Penn State to pay $60M to Sandusky’s victims

SETTLEMENT: Former Penn State University assistant football coach Jerry Sandusky arrives at Centre County Court in Bellefonte, Pennsylvania, June 11, 2012. Photo: Reuters/Pat Little

(Reuters) – Penn State University has agreed to pay $59.7 million to settle claims by 26 child sex abuse victims of former assistant football coach Jerry Sandusky, officials said on Monday.

“We hope this is another step forward in the healing process for those hurt by Mr. Sandusky, and another step forward for Penn State,” University President Rodney Erickson said in a statement.

“We cannot undo what has been done, but we can and must do everything possible to learn from this and ensure it never happens again at Penn State,” he added.

Sandusky, 69, was convicted in June 2012 on 45 criminal counts of abusing 10 boys over a 15-year period. He was sentenced to 30 to 60 years in prison in a case that tarnished the reputation of Penn State and its late football coach Joe Paterno.

“The settlement amounts will not be funded by student tuition, taxpayer funds or donations,” Penn State said on its website.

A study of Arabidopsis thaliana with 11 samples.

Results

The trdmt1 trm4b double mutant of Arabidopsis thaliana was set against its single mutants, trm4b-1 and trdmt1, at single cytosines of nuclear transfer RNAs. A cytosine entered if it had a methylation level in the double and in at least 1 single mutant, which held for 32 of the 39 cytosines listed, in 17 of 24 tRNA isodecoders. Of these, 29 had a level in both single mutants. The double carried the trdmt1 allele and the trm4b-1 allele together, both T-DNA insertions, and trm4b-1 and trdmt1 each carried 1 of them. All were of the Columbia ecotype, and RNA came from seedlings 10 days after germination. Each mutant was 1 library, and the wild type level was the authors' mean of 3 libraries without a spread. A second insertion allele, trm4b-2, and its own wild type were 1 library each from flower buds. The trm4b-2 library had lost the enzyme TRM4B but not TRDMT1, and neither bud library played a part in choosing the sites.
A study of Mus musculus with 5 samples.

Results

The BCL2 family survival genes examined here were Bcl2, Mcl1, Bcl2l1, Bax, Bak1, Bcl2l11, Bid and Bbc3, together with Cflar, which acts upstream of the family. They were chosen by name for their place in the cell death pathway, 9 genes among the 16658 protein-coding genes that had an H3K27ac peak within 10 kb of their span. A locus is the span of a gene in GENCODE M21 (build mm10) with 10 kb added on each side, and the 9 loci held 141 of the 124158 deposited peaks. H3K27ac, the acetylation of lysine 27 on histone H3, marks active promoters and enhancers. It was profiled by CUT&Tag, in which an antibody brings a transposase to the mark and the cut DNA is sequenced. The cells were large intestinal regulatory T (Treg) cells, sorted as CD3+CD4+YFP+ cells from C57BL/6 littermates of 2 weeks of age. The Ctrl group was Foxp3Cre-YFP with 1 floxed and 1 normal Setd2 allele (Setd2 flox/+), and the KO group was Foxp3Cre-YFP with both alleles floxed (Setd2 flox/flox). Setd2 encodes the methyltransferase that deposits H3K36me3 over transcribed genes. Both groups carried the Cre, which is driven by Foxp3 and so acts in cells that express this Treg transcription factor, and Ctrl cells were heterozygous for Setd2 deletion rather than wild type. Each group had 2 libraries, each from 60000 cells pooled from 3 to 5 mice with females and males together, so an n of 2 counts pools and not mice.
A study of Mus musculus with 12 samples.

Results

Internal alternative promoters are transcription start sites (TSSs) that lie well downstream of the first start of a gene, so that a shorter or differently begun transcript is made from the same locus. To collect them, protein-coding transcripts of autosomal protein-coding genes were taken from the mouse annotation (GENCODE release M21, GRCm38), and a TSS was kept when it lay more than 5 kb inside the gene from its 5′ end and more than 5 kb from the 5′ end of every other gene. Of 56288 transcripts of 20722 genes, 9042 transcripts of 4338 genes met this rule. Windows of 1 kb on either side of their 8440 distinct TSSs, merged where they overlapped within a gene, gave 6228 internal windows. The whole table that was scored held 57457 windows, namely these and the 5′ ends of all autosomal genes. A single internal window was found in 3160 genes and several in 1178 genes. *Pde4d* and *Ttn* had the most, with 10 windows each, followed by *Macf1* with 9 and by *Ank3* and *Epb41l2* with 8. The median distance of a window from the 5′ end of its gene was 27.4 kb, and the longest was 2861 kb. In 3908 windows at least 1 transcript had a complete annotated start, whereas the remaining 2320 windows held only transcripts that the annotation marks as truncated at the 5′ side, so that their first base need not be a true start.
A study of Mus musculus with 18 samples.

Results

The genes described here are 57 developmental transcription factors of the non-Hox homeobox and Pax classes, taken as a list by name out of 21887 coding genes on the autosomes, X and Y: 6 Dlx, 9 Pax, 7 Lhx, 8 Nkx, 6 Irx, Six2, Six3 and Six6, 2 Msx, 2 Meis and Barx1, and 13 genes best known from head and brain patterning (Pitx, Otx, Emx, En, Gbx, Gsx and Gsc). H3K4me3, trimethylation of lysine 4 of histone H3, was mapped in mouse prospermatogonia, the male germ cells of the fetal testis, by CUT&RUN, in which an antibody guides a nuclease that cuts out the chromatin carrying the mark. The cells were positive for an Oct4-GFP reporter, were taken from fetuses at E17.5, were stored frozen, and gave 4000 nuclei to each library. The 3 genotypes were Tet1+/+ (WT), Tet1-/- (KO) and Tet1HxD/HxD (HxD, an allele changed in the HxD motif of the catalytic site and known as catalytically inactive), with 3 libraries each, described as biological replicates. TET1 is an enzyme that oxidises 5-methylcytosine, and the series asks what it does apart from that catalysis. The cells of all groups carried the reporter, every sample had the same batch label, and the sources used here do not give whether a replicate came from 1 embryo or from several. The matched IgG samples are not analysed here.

It said the university maintains various liability insurance policies it believes will cover the settlements.

Sandusky lost a bid earlier this month for a new trial.

Pennsylvania Superior Court Judge Jack Panella, writing for a three-judge appeals panel, rejected claims that defense attorneys were not given enough time to prepare, jury instructions were flawed and prosecutors made improper comments during the trial about Sandusky’s decision not to testify.

Paterno, the winningest coach in major college football history until he was stripped of more than 100 victories because of the scandal, lost his job at Penn State for failing to report Sandusky to authorities.

Paterno died early last year at age 85, about two months after he was fired.

Three former Penn State administrators, including the former president, Graham Spanier, face criminal charges stemming from the scandal, and the National Collegiate Athletic Association, which regulates U.S. college sports, levied heavy sanctions against the school’s football program.